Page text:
Recent headlines, displayed prominently on news sites around the world, were alarming, such as: “150,000 Adélie penguins killed by iceberg.” The stories suggested our flightless black-and-white friends were cut off by a Rhode Island-sized iceberg from their food supply. It was too late to save the “Happy Feet” characters. But the reality was anything but black and white.
“These headlines, while eye-popping, are not necessarily true,” said Heather Lynch, an assistant professor in the Stony Brook University Department of Ecology and Evolution. The stories came from a recent study, published in Antarctic Science. Lynch did not participate in the study, but is involved in monitoring penguin populations from satellites. “This idea that [these] penguins have perished doesn’t reflect the biology in hand,” she said. It will take “many years” before scientists are able to sort out the effect of this iceberg on penguin survivorship.
That’s because penguins can take a year or two off from breeding during unfavorable environmental conditions, which means that penguins displaced from breeding by an iceberg aren’t likely dead.
The scientists in the original study were linking the change in the breeding penguin population at Cape Denison — the site of a research station for famous Australian geologist and explorer Douglas Mawson about a century earlier — with the number of nesting pairs recorded after the arrival of iceberg B09B in 2010.
“There was some concern that there were dead chicks or frozen eggs at the site,” Lynch said. “We need to be cautious about interpreting that as evidence of some kind of catastrophic mortality event. There’s extremely high chick mortality rate under normal circumstances. That is the cycle of life.”
Reports about penguins losing habitat, breeding grounds or access to food typically lead to the kind of questions that were central to the “Happy Feet” story: What role do humans have in the process and what action, if any, is necessary to save the birds?
Kerry-Jayne Wilson, the lead author on the study and the chairperson of the West Coast Penguin Trust in New Zealand, offered some perspective.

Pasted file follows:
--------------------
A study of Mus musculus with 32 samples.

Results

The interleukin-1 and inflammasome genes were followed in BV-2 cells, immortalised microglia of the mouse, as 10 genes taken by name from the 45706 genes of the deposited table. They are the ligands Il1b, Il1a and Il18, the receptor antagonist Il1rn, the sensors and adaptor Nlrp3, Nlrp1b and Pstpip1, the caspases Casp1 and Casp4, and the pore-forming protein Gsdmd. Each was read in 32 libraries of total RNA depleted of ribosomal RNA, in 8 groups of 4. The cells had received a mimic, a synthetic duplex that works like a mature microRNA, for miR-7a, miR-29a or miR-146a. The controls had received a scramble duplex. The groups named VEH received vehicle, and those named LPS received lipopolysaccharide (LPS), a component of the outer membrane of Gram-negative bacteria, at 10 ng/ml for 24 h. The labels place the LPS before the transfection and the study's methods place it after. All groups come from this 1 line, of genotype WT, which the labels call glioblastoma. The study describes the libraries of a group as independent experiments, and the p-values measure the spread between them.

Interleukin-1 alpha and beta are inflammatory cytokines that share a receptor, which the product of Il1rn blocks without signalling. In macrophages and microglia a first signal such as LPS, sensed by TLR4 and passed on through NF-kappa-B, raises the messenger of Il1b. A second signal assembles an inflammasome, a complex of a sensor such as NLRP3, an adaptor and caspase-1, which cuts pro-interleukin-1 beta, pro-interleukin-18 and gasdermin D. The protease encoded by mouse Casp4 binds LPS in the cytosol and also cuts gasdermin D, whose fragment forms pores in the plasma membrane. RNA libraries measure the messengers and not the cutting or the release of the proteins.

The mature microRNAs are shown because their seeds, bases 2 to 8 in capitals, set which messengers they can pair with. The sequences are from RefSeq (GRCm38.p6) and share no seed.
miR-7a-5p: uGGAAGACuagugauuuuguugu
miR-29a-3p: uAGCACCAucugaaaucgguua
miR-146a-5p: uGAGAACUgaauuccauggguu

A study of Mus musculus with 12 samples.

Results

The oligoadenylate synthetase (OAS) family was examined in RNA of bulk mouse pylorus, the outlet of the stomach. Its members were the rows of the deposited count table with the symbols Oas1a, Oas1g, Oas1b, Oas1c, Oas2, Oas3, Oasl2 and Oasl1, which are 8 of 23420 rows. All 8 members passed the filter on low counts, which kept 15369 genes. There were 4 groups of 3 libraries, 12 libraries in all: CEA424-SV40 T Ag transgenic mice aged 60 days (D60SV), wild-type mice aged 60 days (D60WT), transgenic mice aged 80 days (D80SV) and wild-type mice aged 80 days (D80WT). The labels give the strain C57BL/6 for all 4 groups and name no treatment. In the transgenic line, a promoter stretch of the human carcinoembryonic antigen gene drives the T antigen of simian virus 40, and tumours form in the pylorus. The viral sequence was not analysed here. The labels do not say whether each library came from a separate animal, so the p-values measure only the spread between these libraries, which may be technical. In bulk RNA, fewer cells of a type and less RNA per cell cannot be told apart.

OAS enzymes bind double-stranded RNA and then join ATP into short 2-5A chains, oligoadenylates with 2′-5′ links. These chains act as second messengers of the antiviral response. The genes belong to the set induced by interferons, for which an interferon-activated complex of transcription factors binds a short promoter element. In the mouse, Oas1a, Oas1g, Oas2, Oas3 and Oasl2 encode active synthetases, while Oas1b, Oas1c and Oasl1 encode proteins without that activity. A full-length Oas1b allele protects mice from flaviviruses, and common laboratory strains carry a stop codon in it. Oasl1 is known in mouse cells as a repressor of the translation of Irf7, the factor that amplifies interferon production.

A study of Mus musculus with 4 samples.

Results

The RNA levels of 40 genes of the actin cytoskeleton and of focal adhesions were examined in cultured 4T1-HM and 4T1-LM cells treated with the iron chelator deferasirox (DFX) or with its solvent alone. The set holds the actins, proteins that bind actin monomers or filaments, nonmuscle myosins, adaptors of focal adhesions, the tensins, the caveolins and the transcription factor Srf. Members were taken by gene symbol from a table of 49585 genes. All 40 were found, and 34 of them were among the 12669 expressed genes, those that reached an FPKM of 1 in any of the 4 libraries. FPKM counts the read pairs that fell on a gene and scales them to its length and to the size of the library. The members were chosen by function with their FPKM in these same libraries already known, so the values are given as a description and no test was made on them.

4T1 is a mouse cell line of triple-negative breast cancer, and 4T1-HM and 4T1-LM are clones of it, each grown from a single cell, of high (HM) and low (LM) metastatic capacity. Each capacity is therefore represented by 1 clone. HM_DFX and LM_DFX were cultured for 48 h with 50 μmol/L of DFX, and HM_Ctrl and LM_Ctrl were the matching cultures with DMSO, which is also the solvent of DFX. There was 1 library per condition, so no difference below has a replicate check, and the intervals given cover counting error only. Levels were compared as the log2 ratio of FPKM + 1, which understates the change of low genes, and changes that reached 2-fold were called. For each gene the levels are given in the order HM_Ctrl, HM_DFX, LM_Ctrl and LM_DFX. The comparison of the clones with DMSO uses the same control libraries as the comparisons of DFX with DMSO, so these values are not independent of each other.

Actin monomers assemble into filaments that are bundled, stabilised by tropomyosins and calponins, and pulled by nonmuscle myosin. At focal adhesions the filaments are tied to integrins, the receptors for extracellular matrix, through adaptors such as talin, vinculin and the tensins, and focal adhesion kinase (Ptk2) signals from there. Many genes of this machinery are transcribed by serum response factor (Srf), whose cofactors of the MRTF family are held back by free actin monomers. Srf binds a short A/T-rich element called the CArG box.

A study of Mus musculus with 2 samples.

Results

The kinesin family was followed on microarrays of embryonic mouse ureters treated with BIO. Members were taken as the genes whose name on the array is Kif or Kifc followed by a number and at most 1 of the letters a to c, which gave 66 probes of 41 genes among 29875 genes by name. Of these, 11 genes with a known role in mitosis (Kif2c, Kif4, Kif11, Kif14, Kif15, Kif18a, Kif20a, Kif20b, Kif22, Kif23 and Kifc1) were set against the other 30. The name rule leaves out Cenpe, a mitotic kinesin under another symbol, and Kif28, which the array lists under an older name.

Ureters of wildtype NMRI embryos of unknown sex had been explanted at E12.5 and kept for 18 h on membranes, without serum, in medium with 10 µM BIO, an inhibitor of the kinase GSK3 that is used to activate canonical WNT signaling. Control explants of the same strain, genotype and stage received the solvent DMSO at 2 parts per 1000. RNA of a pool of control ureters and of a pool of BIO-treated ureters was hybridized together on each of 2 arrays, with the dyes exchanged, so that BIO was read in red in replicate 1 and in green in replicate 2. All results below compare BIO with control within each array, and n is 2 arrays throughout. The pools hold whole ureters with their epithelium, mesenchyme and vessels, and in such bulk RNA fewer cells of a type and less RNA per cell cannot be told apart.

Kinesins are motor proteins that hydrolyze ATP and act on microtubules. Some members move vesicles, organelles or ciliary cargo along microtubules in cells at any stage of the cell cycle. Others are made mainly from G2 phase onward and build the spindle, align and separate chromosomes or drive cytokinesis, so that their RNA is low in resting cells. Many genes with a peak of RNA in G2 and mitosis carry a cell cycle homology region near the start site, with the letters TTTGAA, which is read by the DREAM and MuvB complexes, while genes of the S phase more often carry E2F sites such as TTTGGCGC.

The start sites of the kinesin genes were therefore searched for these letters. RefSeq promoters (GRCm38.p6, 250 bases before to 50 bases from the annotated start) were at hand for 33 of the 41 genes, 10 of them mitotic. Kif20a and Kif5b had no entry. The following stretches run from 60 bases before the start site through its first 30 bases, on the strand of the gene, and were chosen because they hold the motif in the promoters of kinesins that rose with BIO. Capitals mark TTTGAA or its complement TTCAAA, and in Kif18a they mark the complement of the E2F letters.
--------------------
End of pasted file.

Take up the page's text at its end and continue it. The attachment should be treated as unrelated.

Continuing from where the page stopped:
“We did not suggest adult penguins had died,” she said in response to an email request for comment. “Some media outlet started” this rumor.
She said she believes most of the missing penguins are probably “out at sea, having assessed conditions as unsuitable for breeding.”
The authors sent out a clarifying press release in response to the stories: “It is unlikely many, if any, adult penguins have died as a result of this stranding event. This iceberg stranding event only affects Adélie penguins in the Commonwealth Bay area; the millions of Adélie penguins breeding around the rest of Antarctica are not affected.”
So, where did the story go wrong? For starters, a press release announcing the study used the headline: “Giant iceberg decimates Adélie penguin colonies.” The statement suggests that breeding has declined in the area, without indicating that 150,000 of Mr. Popper’s pals perished.
I turned to a representative at SBU’s Alan Alda Center for Communicating Science, which teaches scientists to make their research accessible to the public, to see if there are any lessons from this communication misfire.
Elizabeth Bass, director emerita of the center, suggested scientists needed to know their audience when sharing their research. “Be crystal clear about your findings,” she advised. In all the courses the center teaches, the message is to stress characterizing the work in a way that’s “not going to be misunderstood.”
Lynch is concerned that these type of stories, taken out of context, make it more difficult to share well-grounded science from future studies with policymakers.
“At some point, people stop listening and that’s what concerns me,” she said. “Real science whispers, it doesn’t shout.”